An impact assessment seeks to identify the areas where there will be a material impact to the organizations’ tax and transfer pricing arrangements, etc. from the LIBOR transition. And it addresses these areas in terms of materiality and urgency – serving as a basis to prioritize any initiatives supporting LIBOR transition.
The impact assessment must be based on the right questions and information to be reliable.
Some of the questions we typically discuss with stakeholders during an impact assessment are listed below:
1. Which (tax and/or financing) structures are affected? Does your company have a material risk and what information is required to make the initial assessment?
The best-positioned team to answer these questions is typically the treasury team. However, there must be a focus on internal rather than on external funding arrangements and, depending on the organization, there may be more or less focus on these arrangements from the treasury side. An overview must also be developed of existing (internal) funding arrangements and the details defining terms, structure, entities and countries involved, etc. as part of the impact assessment
2. Does your organization have a significant operational risk?
The operational risk aspects of the impact assessment deal with the various systems, policies and tools where LIBOR is currently used for reference or calculation purposes. These may be automated, and depending on the specific systems, the changes which must happen as a result of LIBOR transition may either be trivial or require more work. Accordingly, the relevant stakeholder discussions may have to take place with IT, treasury, finance and potentially others as well. The master data required to determine operational risk areas should be organized as part of the impact assessment to provide stakeholders with an understanding of the risks and the necessary mitigating steps.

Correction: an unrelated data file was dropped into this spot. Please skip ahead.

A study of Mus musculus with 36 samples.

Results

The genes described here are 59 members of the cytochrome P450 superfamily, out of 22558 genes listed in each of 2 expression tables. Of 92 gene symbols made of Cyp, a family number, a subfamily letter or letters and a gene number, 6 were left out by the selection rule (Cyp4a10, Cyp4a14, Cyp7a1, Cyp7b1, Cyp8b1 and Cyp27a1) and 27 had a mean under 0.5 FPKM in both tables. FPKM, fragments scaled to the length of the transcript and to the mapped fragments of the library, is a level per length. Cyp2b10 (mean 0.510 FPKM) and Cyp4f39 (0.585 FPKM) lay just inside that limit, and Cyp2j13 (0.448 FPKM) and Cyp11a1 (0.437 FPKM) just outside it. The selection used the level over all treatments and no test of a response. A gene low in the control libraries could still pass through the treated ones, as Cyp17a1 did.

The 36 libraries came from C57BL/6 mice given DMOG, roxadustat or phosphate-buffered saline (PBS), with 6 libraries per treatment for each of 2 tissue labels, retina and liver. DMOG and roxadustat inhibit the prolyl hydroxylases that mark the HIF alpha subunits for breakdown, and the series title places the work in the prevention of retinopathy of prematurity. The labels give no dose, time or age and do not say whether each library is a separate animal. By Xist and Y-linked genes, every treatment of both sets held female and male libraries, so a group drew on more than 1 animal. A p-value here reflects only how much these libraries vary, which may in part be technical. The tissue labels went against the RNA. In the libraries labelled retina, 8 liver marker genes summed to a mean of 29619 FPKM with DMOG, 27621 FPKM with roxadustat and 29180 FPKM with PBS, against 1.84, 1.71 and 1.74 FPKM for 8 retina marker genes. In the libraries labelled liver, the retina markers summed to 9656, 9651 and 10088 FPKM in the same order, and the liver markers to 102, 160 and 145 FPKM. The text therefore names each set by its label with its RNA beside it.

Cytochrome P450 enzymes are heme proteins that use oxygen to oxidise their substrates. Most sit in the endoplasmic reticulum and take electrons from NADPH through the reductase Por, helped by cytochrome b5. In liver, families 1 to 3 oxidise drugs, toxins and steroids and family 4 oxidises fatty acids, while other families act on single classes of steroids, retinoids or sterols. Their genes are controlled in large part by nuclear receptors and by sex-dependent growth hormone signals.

3. Does your LIBOR transition impact external stakeholders? Or is it impacted by them?
The list of potential external stakeholders can vary from external financing parties to tax administrations. While external financing parties are likely to be managed by the treasury team, communication with the tax administration and an initiation of the review process of existing rulings and APAs which rely on LIBOR references typically fall under the tax department’s domain. Regardless of who is communicating, it’s likely that there are relationships which must be managed in a coordinated manner. For example, your bank’s fixed OTC funding offering could impact your negotiation position with the tax administration.
4. What are the possible options to terminate / modify / novate agreements?
Legal departments typically work together with treasury when it comes to signing agreements with third parties to defend your company’s interests regarding the LIBOR transition. Internal agreements receive comparatively less attention as they are often perceived as easier to renegotiate, change or terminate. However, changing intercompany agreements should also align with the arm’s length principle. Before any changes are made, it’s important to ensure that the steps taken, the timelines and the tax consequences of novating or terminating agreements are properly reviewed and understood.